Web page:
Migration is not something that we tend to do willingly. Despite the hardships that they’ve faced, the majority of Syrians initially chose to stay and fight or to hold out and get by as best they could. The worsening situation has forced many to conclude that joining the mass migration is now their only hope. Unfortunately by the time things get this bad, many will have lost everything.
[easy-tweet tweet=”Take a look at #Migration from #VAR to #MSP with @BillMew” user=”comparethecloud”]
The hardships and devastation in Syria may be on a different scale to that in the tech industry and in the IT channel in particular, but we’re seeing similar patterns of behaviour and a reluctance to migrate, whatever the hardships faced.
Many Value Added Resellers (VARs) have made a good living from resale, integration, installation and upgrades for many years and are doing well from the wave of companies moving to the cloud at present. In almost all of these areas, however, there are worse times ahead. Resale is already in decline, integration is becoming all about APIs, upgrades are managed remotely in the cloud and the move to the cloud is nothing but a one off transition.
Resale is already in decline, integration is becoming all about APIs
Most of us have seen these trends coming for some time now and vendors have been doing all they can to help their VARs make the transition to becoming MSPs, while at the same time trying to recruit new MSPs to replace the elements of their channel that won’t survive the migration.
For some time now vendors such as IBM (whose annual channel event the PartnerWorld Leadership Conference (PWLC) we attended last week) have been providing assistance with varying levels of training, strategy guidance and financial support to help VARs make this transition.
We have discussed the challenges of going from a transactional to an annuity-oriented structure and of spanning the chasm in between in many blogs on this site and I don’t propose to delve into the intricacies again in this blog other than to emphasise how hard the transition can be.
[easy-tweet tweet=”The problem remains the lack of urgency among many in the #channel says @BillMew” user=”comparethecloud”]
The problem remains the lack of urgency among many in the channel. Some have made the transition, but many are either finding it too daunting or have made just hesitant progress in building new cloud-based annuity revenue streams. If not careful they risk finding that the current transactional revenue streams that they will need to fund the transition, will start to fall off more dramatically, long before the new revenue streams are in a position to carry the weight. They risk being left with nothing.
A further problem is that the move from VAR to MSP is just the first step on the path that many will need to make. Having called on its channel to make the VAR to MSP transition for the last five years or so, IBM announced at this year’s PWLC that it was restructuring its channel programme to focus on the next step that its channel is going to need to make. Unfortunately becoming an MSP and changing your business from a transactional to an annuity-oriented structure won’t be enough on its own to guarantee long-term survival. IBM’s partners are also being asked to focus on a set of competencies that will enable them to differentiate themselves in a market that is increasingly awash with competing MSPs.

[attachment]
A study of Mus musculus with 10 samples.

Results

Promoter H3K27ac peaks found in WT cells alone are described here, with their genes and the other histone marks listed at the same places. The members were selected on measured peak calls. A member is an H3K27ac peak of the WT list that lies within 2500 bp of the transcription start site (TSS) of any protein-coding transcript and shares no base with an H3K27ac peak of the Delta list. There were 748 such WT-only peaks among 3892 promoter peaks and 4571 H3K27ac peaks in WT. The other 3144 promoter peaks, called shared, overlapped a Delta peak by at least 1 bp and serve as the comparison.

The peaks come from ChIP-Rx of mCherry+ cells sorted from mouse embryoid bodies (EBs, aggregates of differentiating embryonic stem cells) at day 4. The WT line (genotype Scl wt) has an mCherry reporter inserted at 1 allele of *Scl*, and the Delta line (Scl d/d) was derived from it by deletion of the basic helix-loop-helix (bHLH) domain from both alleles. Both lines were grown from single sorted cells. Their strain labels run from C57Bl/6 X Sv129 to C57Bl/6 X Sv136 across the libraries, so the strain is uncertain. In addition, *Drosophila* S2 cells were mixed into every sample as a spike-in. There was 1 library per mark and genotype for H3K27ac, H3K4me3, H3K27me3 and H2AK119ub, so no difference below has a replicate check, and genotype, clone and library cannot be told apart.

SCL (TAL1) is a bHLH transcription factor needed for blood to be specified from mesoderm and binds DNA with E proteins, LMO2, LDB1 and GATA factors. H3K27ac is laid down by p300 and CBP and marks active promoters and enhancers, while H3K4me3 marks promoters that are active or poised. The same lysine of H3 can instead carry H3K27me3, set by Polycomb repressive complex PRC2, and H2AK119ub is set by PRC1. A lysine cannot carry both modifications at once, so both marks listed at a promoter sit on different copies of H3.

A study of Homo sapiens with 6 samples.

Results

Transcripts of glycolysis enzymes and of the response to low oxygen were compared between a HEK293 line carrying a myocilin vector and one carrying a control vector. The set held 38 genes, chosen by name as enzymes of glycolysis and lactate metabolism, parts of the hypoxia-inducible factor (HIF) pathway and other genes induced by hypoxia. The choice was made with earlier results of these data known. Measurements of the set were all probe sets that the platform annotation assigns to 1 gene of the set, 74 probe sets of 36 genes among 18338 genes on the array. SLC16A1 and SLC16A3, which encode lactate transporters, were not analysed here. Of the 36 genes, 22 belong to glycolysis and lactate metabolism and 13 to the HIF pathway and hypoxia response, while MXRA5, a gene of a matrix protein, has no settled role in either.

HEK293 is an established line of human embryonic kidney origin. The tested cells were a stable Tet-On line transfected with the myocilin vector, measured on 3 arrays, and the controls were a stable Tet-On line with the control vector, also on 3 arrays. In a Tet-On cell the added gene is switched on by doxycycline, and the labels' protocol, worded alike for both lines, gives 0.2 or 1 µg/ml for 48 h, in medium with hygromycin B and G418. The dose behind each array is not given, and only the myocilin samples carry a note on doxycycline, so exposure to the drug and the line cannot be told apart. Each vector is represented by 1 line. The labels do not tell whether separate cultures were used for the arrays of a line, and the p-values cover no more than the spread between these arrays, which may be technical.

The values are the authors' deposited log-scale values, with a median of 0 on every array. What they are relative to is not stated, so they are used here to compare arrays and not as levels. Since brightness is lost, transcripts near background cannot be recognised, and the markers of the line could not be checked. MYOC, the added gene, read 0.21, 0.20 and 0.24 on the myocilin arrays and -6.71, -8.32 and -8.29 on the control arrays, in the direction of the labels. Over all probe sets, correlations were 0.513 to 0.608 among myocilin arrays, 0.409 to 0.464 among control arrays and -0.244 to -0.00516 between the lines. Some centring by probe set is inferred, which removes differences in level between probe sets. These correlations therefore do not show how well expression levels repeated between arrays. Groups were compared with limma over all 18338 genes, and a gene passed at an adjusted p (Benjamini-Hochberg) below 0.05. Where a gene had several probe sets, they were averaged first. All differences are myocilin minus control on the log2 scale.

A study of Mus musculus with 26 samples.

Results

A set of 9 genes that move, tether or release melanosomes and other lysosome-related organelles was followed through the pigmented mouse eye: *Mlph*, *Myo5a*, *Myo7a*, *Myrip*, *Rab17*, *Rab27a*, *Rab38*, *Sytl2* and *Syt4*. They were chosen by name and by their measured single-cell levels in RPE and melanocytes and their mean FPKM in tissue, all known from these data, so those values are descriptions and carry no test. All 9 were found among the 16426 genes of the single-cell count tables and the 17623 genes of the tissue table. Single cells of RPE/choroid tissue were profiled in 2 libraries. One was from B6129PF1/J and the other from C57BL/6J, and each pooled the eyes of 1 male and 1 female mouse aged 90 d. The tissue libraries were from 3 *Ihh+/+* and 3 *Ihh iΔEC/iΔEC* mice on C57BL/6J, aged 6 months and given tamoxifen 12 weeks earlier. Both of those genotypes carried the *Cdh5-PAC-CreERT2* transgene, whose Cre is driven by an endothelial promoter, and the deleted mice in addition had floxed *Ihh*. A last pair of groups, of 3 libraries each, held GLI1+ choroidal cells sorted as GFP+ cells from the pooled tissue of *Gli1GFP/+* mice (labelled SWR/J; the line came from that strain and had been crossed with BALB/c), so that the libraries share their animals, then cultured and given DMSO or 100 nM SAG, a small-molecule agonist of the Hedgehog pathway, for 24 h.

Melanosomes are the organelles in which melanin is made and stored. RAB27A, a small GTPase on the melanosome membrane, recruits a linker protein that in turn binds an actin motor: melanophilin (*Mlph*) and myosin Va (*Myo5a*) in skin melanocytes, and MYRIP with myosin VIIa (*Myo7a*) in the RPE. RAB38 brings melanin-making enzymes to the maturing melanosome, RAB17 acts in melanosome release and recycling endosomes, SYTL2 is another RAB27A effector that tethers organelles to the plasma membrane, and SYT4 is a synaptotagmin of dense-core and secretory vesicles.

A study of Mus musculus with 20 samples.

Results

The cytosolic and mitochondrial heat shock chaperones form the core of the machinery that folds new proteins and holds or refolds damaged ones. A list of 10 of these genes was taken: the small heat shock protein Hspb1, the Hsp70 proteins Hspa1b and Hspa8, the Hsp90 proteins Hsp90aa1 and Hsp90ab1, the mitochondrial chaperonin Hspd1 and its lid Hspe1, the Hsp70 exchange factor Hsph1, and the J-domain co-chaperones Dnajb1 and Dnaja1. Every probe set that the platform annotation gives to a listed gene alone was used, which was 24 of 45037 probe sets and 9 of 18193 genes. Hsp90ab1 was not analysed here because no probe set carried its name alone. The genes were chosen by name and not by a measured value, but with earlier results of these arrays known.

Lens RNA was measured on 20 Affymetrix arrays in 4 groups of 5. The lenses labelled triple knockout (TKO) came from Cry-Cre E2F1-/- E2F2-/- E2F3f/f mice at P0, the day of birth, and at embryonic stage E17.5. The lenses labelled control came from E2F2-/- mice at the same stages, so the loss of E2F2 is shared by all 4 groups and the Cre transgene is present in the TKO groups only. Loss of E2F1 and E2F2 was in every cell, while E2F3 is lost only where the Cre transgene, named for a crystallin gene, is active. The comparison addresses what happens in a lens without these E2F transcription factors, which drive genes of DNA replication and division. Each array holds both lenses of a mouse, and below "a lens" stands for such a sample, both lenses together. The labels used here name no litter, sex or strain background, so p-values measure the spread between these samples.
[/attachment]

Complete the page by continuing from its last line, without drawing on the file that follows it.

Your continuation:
Many IBM partners have done all they can to comply with the company’s call to transform their practices in line with IBM’s strategy – away from its traditional business towards its new priorities – Cloud, Mobile, Security and Cognitive (which includes big data and analytics). While IBM’s revenues as a whole have declined in recent quarters, its channel revenues have risen, but many partners are still finding the pain of transition greater than the benefits. At PWLC Marc Dupaquier (@marcdupa) heralded the advent of the era of cognitive computing and the maturation of IBM’s Watson platform as their opportunity for growth, before presenting them with an outline of a revamped PartnerWorld program. Key among the changes is a set of competencies being introduced by IBM that will provide certification and support for MSPs that specialise in particular niches – such as industry segments.
[easy-tweet tweet=”At #IBMPWLC @Marcdupa heralded the advent of the era of #cognitive and the maturation of #Watson”]
Historically VARs have grown opportunistically taking whatever business they can from whatever quarter it came. Consequently many VARS have a mixed bag of clients from a number of different sectors and industries. They are naturally loathed to give up any of these clients.
The reality is that differentiation in future will increasingly depend on specialisation. For example imagine an MSP that specialises in dealing with legal firms, that understands the legal value chain, that is familiar with all the main legal software packages, that has experience in managing and integrating them, that has specialised process models and methodologies, that has sales staff and consultants with IP in this area and maybe even have developed its own software modules to integrate with or between other legal packages and platforms. A specialist of this kind should not only be able to win business from a generalist rival, but should also be able to charge a premium, while at the same time reducing its costs (as its solutions are largely replicable between clients).
The reality is that differentiation in future will increasingly depend on specialisation
Most ISVs are already in a position where they are specialised in a segment (either an industry one or otherwise). As MSPs align themselves in this way and as they seek to automate elements of the IP into apps, templates or modules they will gradually become more ISV-like.
The next part of the channel migration is therefore from MSP to ISV, which we’ll explore in the next part of this blog.